In the closing paragraphs of his book The Intelligent Investor, the late investment thinker Benjamin Graham leaves the reader to ponder a simple parting line of advice: "Investment is most intelligent when it is most businesslike." (Emphasis his.) This has been a lasting idea that continues to guide investors today, even though the first edition of Graham's book was printed more than 50 years ago.

From one point of view, it may be said that Graham was instructing readers to treat their investments with a business-minded approach, i.e., view stocks as shares in real-life businesses and not just pieces of paper to be traded round and round. While a legitimate interpretation, Graham's quote can also be read from another, more philosophical bent -- that the most pure investment action approaches the action of business itself, with business being the highest form investment. (Sharp-eyed Russian history buffs will note that this interpretation is similar in structure to the title of a book by Lenin, Imperialism, the Highest Stage of Capitalism. But don't confuse the two. Over the years, Graham's views have held up quite a bit better than Lenin's -- and have proven to be much more lucrative to boot.)

If you buy into this philosophical interpretation of Graham's quote, then who better to ask about an investment in a company than the people who actually run the company? After all, isn't a firm's CEO the practitioner of the "highest stage of investment"? From this idea sprouts the investing concept of tracking insider holdings, which has been incorporated into the Foolish 8 small-company investing system with the requirement that at least 10% of a firm's stock be held by a company's executives, or "insiders."

Like the screens for maximum annual sales and daily dollar volume, the 10% insider holdings bar is more of an orientation screen than an illumination screen. In other words, the requirement orients the small-company investor toward the right general issue rather than illuminating some fundamental truth about the business. The concept of insider holdings is the important part of the requirement, not necessarily the 10% threshold. In the same way, the annual sales screen orients an investor's attention on revenues instead of market cap, and the daily dollar volume limit encourages sound qualitative analysis and a long-term investment view.

An insider holdings requirement helps the Foolish 8 investor focus on the important question of whether the interests of the "insider" shareholders coincide with those of the "outsider" shareholders. Attractive small businesses are run for the benefit of all shareholders, not just the folks at the top of the managerial totem pole. But how can you tell the former from the latter?

Unfortunately, there is no magic insider holdings percentage figure that makes one company more desirable to an outside investor than another. Some investors like to see very high levels of insider holdings at their companies, say above a 50% stake. Outside of personal anecdotes, I've come across little information documenting the benefits of investing in companies with a certain percentage of insider holdings versus another (if I've missed some study or finding, please feel free to email me). Requiring a 10% insider stake from your companies seems reasonable, although a quick screening indicates that the large majority of publicly traded firms jump over this hurdle without any problem.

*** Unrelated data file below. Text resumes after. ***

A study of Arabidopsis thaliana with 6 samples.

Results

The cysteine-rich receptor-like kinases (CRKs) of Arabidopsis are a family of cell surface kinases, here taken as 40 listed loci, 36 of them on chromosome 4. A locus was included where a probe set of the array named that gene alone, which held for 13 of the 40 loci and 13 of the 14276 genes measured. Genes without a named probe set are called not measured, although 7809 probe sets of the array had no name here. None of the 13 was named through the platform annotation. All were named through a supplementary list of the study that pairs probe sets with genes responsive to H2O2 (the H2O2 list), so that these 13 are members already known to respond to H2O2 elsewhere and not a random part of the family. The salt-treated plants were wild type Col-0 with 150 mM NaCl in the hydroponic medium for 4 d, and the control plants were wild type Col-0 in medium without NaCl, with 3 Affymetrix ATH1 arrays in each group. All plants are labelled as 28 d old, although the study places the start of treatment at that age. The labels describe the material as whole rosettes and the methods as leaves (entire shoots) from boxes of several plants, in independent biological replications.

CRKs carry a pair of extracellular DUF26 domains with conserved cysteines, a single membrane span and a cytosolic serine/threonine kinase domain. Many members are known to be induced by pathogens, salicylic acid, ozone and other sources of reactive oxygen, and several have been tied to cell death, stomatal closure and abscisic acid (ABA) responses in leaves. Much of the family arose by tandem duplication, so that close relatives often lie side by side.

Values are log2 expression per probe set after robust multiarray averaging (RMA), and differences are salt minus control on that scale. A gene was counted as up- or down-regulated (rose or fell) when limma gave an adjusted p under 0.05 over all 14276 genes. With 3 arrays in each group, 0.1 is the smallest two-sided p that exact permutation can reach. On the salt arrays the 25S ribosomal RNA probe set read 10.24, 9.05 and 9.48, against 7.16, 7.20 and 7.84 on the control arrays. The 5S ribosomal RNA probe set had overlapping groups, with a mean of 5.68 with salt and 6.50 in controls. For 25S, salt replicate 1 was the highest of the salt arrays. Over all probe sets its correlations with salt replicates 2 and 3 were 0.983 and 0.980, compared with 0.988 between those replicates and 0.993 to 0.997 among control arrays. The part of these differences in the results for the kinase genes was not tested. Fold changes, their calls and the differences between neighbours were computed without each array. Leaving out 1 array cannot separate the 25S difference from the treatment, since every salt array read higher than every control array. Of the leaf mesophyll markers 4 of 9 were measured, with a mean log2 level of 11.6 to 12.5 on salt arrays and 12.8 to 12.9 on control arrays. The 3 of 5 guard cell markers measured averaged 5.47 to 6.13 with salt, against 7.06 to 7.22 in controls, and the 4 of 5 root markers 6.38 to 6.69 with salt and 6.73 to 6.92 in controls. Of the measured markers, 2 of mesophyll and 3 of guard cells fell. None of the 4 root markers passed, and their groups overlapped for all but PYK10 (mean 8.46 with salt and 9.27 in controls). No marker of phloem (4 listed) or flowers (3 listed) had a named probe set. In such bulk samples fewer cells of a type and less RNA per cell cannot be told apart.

For small companies, there may be a case to be made in favor of a large percentage of insider holdings, although this is more of a hunch than a conclusion and cannot be backed up with hard data. As has been pointed out before, large institutions are less likely to hold stakes in small companies than larger companies. Theoretically at least, this would leave a higher percentage of shares available to be held by the small company's insiders. Further, many small companies are little more than publicly traded family businesses, so it shouldn't be surprising to see instances where a large chunk of a family's net worth is tied up in a single company's stock.

The bottom line is that insider holdings are an important consideration for small-company investors, but the appropriate percentage level of insider holdings depends greatly upon the individual company's circumstances. A large amount of holdings may suggest that a firm's management eats its own cooking, or it may suggest that top management is intent on running the company like some sort of corporate fiefdom. It all depends on the individual company and its managers.

Like all other single-shot data points, the exact level of insider holdings doesn't tell an investor all that much by itself. But that doesn't mean it isn't an important consideration for investors. When the holdings figure is combined with operational data about the business and discussions with the insiders themselves, a better picture about the abilities of a company's management team and their view toward other shareholders will begin to emerge.

Some observers have made tracking changes in insider holdings into some kind of stock speculation sport, but such gamesmanship gets away from the spirit of Graham's businesslike approach to investing. If the people running the show are the highest-stage investors Graham posits them to be, then their performance will be measurable in other ways besides insider holdings. But examining the level of insider holdings and asking managers about the stakes they own are not bad starting points when it comes to trying to size up the value of a management team.

[Motley Fool Research's Industry Focus 2001 features more on Foolish 8 small-cap stocks.]